The federal government is understood to have called for final bids for the Australian Securities and Investments Commission Registry on August 29.The sale details were provided ahead of Tuesday’s federal budget and will be welcomed by bidding parties after they submitted indicative offers back in February.
Interested parties were told final bids will be measured against “specified evaluation criteria.”
They were asked to respond to alternative economic structures in the indicative bid phase and so are keen to see what path the government takes.
Canada’s Brookfield and Teranet, owned by fellow Canadian Borealis Infrastructure, are among potential acquirers and find themselves up against Australian rivals Link Administration Holdings, Computershare and the recently-acquired Veda. Morgan Stanley’s infrastructure arm is also in the process.
Different bidders are understood to have submitted different requests as part of the process, with some seeking full ownership of the platform while others are happier to play only a role in developing and implementing new technology platforms.
Either way, the government has told all bidders it intends to retain ownership of ASIC Registry’s data.
Greenhill is running the sale for the government.
Australian Securities and Investments Commission chairman Greg Medcraft has defended the sale of its lucrative database registries, saying the government has every right to test the market.
But the regulator has vowed to ensure any integrity and privacy concerns surrounding the privatisation of the database would be addressed before any potential sale.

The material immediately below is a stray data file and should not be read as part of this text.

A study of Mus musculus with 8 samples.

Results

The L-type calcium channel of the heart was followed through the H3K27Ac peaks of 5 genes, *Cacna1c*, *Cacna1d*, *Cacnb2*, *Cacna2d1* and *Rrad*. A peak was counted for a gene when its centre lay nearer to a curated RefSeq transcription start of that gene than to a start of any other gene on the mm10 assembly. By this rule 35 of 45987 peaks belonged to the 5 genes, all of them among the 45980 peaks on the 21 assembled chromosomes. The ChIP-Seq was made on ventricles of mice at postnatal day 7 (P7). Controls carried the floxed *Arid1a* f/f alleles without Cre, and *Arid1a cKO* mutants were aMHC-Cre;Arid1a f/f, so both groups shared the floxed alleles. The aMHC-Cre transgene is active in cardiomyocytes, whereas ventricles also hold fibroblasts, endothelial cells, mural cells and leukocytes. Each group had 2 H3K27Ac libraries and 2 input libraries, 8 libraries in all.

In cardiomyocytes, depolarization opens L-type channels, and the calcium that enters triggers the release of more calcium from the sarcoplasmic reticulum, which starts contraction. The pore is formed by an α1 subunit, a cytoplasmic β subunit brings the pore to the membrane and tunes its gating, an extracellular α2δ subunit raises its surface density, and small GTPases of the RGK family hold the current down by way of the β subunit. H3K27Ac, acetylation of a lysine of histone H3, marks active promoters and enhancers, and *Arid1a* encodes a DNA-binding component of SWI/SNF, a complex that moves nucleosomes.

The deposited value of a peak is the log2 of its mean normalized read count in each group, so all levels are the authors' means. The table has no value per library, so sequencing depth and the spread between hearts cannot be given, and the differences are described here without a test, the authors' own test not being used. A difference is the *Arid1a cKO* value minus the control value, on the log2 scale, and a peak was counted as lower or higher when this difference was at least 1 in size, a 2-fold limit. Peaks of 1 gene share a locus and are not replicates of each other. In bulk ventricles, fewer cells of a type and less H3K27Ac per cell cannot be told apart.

The Department of Finance earlier this month received 10 expressions of interest for the potential $3 billion sale of the registries.
A parliamentary committee in Brisbane on Thursday heard the sales process could be completed by the second half of next year.
When questioned why the Turnbull government – which Treasurer Scott Morrison described as having a “revenue problem” – would sell the profitable data registries, Mr Medcraft told the committee the Commonwealth was right to gauge market interest.
PRIVATISING PUBLIC INFORMATION: THE SALE OF THE ASIC BUSINESS REGISTERS
The Federal Government has commenced the tender process for sale of the Business Registers currently operated by ASIC.
The model of future operations implied in the call for registration of interest looks to involve the private operator relying on revenue from sale of information and products based on the information in the register, with Government continuing to set and receive the fees charged to companies and others required to lodge information. An alternative model would involve the operator setting and receiving fees from those required to lodge information, and making collected information available free of charge to users.
Either model (or variants in between) requires regulatory oversight of fees and charges because of the monopoly position of the operator. Maximising social benefits from the creation and use of information seems more consistent with the alternative model (or some variant thereof), but this may not maximise government revenue from the sale process. It is important that the distinction between the registry sale (and fees/taxes charged to those required to register) and the current investigation of a funding model for ASIC based on levies on regulated entities (rather than government budget allocation) be made clear. They are not interrelated, and the fees involved in each are based on quite different justifications.